Google Ads is forever developing & introducing the newest, shiny feature that it has to offer. At a time when there are so many changes happening it can be hard to keep up, so let’s take a look at one of the most important – and often overlooked – features of a campaign: audiences.
We spend so much time looking at the numbers & checking our KPIs that it’s easy to forget to take a step back & ask the question: who is my customer? Audiences will give you the answer.
It’s important to overlay audiences across all campaigns so that at least 85% of your impressions are a part of an audience that you are observing, so that you can truly understand who is converting (even if it’s not who you initially thought). But how do you grab even more converters?
Enter: Similar Segments. Similar segments was an audience type automatically created by Google for each segment you created. To populate this, Google analysed the behaviour of users in your created segments & found people with similar online behaviour.
But people like their privacy!
With user privacy becoming more and more prevalent & people becoming more aware & selective about giving out their information, Google creating these audiences didn’t help the conspiracy theory that Google is always watching. So as of 1st August 2023, similar segments will be removed from Google Ads entirely – no more creeping from Google!
Well, not quite.
In similar segments’ wake, we now have audience expansion & optimised targeting. I like to think of this as a sort of loophole. It’s a way for Google to provide us account managers with helpful information & new audiences to target, without crossing back over that ‘privacy’ line.
So, what are they & what do they do?
|Goal||Compatible Campaign Type|
|Audience Expansion||Awareness-based goals||Video|
|Optimised Targeting||Conversion-based goals||Video, Display, Discovery|
Let’s start with audience expansion. This form of targeting looks to expand awareness on video campaigns by broadening your targeting to relevant audiences. Think of your manually selected audiences as exact match, then audience expansion is phrase match. It’ll find any extra audiences (search terms) that you may have missed.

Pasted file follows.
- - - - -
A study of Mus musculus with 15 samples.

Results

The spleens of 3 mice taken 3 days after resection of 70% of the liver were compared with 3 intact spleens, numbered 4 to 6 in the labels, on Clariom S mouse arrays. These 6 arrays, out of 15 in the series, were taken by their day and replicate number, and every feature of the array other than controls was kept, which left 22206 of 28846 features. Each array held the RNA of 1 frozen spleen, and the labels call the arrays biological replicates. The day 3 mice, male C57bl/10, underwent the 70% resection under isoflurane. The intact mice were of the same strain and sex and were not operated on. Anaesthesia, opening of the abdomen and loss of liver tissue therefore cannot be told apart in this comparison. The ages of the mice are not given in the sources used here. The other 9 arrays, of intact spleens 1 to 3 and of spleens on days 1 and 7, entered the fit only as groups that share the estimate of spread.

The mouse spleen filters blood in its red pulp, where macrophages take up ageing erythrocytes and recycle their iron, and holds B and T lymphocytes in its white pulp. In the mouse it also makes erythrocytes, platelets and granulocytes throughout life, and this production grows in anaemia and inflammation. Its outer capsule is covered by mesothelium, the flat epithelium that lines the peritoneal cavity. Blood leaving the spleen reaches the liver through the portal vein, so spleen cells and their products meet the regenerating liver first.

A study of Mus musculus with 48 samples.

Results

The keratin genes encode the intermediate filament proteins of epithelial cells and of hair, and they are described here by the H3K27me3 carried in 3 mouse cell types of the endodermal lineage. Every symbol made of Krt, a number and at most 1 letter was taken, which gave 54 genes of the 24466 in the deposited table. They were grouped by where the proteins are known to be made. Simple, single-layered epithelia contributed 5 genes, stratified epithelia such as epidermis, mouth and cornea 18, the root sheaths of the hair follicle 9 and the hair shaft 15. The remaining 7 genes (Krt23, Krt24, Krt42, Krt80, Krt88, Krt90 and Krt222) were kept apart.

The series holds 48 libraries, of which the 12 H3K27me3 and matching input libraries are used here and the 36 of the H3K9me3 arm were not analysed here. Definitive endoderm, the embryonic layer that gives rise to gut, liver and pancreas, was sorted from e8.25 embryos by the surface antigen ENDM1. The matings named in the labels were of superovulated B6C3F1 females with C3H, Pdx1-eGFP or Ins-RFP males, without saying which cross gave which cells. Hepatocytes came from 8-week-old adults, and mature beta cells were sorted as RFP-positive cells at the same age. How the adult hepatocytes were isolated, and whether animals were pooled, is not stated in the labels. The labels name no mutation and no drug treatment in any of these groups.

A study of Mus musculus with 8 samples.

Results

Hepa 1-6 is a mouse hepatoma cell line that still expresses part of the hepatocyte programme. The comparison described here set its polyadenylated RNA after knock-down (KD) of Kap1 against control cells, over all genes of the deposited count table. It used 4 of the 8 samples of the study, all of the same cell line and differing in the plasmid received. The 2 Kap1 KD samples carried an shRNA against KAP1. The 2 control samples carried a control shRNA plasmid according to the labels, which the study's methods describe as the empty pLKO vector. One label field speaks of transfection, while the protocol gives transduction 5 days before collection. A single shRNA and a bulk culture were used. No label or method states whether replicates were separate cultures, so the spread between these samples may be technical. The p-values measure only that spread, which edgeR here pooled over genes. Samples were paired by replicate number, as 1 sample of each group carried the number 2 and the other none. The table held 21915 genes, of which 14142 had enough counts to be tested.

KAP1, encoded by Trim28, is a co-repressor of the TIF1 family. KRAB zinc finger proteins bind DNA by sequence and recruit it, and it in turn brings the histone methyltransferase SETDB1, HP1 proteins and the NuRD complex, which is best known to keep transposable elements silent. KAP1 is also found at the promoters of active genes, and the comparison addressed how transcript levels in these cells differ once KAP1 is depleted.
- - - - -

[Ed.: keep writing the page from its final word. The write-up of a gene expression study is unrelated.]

It won’t find better performing audiences though, just those that are similar to those manually selected. So, if your target audience isn’t performing well, audience expansion won’t necessarily make it any better.
Optimised targeting, on the other hand, will take your ideas and run (kind of) wild with them. This is like the broad match of audience targeting. The goal of this targeting is to find more people who are likely to convert. It looks to expand conversions that you wouldn’t have got without it.
This is Google’s work around for similar segments. Optimised targeting will analyse the audiences that converters are in & target those audiences to find converters – even if they are entirely different from the signals you gave it. If it decides that these new audiences perform far better than your original ones, it will stop targeting those you selected & focus on these new ones.
You don’t even need to give it audience signals if you don’t want to! If you provide no signals, it’ll analyse the landing page for keywords & themes & find audiences suitable for this.
More of a visual learner? I’m a nerd, so let’s have a look at a Venn diagram:
To help explain it even more (I like to be thorough!), here’s an example:
I set up a video campaign with audience signals: “running shoe sale” (keyword), athletic footwear (in-market). Here’s what we could target:
|Manual Targeting||“Running shoe sale” (search term), athletic footwear (in-market)|
|Audience Expansion||“trainers on offer” (search term), sporting goods (in-market)|
|Optimised Targeting||“running clothes”, athleisure wear (in-market)|
So, are they worth it?
The answer, unfortunately, is as it usually is with Google Ads – it depends. The main recommendation I have is to get your chosen audiences working first! If you have the budget once those audiences are performing well, then expand out with these features. Alternatively, if your chosen audiences are just not working for you, then give these a try (especially optimised targeting) to find out who your customer really is.
Got a question? Drop us a line – we’re here to help!